Smashed Burger

So what is the difference between a normal burger with a smashed burger? Well it’s the process where your patty is prepared, and this process gives it that amazing flavour you cannot get from a normal burger. Sounds hard to believe but there is a science behind it. Basically smashed burger is just like your normal burger but when cooked it is smashed.


First it start with the meat, like with any burger patty. Fatty steak cuts that are minced are the best, 30% fat nothing more nothing less, this is the best ratio for the juiciest and most flavourful burgers. Next mince the meat then season it just with salt and freshly ground black pepper, form into a loose ball, just enough for it to stick together, do not overwork the meat otherwise the proteins get too tough. Once your beef balls are ready, heat up a very heavy skillet, on stove top on the highest heat you can get from your stove and once it starts smoking you are ready. Put the beef ball into the hot skillet, using a flat spatula with no holes, with the help of another tool, push the spatula down the pan to flatten, press the burger ball hardly to the really hot surface. This will cause a Maillard reaction which is basically a chemical reaction between amino acids and reducing sugars that gives the burger its distinctive flavour. At these higher temperatures, caramelisation and subsequently pyrolysis (final breakdown leading to burning) become more pronounced giving the beef a really wonderful taste.

After this it’s all up to you how to garnish your burger, you can add anything you want but for me, I keep it simple, served with cheese, lettuce, mayonnaise and ketchup in a nice burger bun. Trust me once you do this, you won’t go back to the normal way of doing burgers, it’s amazing!


Smashed Burger

  • Author: Raymund
  • Prep Time: 15 mins
  • Cook Time: 10 mins
  • Total Time: 25 mins
  • Yield: 4 1x
  • Category: Main Dish
  • Cuisine: American

Description

Smashed Burger is a process of preparing hamburger patties by cooking loosely packed beef mince ball into a very hot skillet by pressing it flat with a spatula as it cooks causing a Maillard reaction.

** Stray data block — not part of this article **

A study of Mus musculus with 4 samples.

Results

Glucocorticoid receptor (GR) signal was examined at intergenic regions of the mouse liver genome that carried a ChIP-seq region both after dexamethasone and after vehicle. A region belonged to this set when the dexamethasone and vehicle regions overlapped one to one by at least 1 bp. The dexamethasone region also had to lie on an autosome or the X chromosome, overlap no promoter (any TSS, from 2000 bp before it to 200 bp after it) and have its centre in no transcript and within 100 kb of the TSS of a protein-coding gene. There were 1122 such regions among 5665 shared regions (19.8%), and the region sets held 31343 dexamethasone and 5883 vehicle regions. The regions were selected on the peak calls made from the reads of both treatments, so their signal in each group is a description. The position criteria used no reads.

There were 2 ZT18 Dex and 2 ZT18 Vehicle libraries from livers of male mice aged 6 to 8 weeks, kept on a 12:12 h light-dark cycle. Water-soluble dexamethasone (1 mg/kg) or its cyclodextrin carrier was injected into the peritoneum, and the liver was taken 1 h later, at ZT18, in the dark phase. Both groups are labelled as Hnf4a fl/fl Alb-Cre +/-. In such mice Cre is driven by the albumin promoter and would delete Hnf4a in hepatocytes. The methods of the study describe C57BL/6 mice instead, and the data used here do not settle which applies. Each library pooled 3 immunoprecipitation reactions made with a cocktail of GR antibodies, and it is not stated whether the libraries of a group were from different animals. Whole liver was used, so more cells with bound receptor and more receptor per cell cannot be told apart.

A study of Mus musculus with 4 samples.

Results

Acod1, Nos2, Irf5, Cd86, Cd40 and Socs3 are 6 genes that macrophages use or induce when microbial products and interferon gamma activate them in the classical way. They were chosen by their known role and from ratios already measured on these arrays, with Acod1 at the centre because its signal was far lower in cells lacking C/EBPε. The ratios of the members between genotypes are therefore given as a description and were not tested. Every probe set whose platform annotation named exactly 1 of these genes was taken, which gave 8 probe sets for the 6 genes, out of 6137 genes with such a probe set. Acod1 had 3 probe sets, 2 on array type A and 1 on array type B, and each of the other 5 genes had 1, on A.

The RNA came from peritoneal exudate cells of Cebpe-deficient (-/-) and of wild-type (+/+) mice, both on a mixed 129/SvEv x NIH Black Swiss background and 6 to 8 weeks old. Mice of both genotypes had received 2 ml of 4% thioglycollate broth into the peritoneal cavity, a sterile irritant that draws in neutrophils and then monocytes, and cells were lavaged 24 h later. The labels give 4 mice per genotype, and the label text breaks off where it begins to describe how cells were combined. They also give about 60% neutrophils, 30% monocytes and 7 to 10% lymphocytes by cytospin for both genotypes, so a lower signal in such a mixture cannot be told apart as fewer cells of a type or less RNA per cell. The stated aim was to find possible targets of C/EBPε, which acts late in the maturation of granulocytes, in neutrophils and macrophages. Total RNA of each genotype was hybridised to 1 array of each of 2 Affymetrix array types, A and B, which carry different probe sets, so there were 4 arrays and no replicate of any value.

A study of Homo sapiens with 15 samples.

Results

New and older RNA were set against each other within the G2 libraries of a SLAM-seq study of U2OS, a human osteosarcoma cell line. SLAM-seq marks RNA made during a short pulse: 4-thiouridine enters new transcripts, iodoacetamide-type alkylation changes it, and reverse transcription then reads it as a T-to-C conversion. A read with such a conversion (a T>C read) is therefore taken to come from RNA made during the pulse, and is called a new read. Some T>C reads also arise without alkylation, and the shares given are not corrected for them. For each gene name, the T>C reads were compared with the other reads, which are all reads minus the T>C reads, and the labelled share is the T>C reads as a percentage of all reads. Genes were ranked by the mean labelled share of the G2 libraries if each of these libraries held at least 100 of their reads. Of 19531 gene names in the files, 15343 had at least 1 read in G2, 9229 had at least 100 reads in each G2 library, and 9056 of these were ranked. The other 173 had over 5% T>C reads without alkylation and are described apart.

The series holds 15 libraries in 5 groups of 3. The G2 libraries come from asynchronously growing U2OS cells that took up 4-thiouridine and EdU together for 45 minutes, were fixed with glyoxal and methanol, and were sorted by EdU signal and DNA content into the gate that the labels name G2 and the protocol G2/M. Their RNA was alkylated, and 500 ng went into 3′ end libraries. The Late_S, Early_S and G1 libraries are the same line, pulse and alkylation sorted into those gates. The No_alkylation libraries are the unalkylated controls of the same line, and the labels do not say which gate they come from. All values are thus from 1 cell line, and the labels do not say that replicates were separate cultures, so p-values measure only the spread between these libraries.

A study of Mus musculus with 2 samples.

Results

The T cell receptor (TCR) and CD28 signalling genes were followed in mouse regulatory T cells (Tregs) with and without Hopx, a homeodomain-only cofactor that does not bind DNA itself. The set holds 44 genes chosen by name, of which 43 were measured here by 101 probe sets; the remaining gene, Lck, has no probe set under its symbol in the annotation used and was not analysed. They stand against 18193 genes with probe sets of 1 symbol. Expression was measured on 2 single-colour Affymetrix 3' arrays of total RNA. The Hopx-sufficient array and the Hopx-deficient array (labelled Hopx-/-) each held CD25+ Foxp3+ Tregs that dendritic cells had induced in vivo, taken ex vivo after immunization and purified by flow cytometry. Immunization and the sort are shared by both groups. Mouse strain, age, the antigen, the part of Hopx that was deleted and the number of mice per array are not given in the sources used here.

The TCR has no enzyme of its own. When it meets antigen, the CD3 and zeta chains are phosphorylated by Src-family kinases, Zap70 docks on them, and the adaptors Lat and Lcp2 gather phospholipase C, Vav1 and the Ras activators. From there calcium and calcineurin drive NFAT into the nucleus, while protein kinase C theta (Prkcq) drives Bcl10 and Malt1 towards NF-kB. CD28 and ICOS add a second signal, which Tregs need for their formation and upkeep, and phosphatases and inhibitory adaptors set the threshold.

Scale

Ingredients

  • 500 g chuck steak, brisket, boneless short rib or a mixture of any of the three, 30% fat, at room temperature
  • 4 Cheddar cheese slices
  • 4 burger buns, toasted
  • 3 leaves iceberg lettuce, shredded
  • mayonnaise
  • tomato ketchup
  • salt
  • freshly ground black pepper

Instructions

  1. Season the mince with salt and freshly ground black pepper.
  2. Divide it into four portions then form them into large balls.
  3. Heat a heavy cast iron skillet, until it starts to smoke.  On batches place the ball into the skillet without oil then press it with a heavy spatula as it cooks for a minute, applying pressure all the time. Flip the burger then cook for another minute then continue to press with the spatula.
  4. Place a slice of cheddar on top, cover the skillet with a dome cover, remove from skillet then let it rest. Do it with the remaining patties.
  5. To assemble burgers, on each burger bun, apply one heaping tablespoon of mayonnaise, top it with shredded lettuce, then the rested burger patty and a smear of ketchup. Serve!



  1. I still don’t know the difference between the smashed burger and standard one…but it looks mega delicious!

  2. I just bought a kilo of chuck roast to grind for burgers! I’ve never tried this method, and can’t wait to give it a shot. To me, one of the greatest things I’ve learned to do is grind my own meat. It makes such a difference in the quality of the end product. Also, it’s a lot safer… Especially these days with the virus being so prominent in meatpacking plants. I love all the science in this post, Raymund.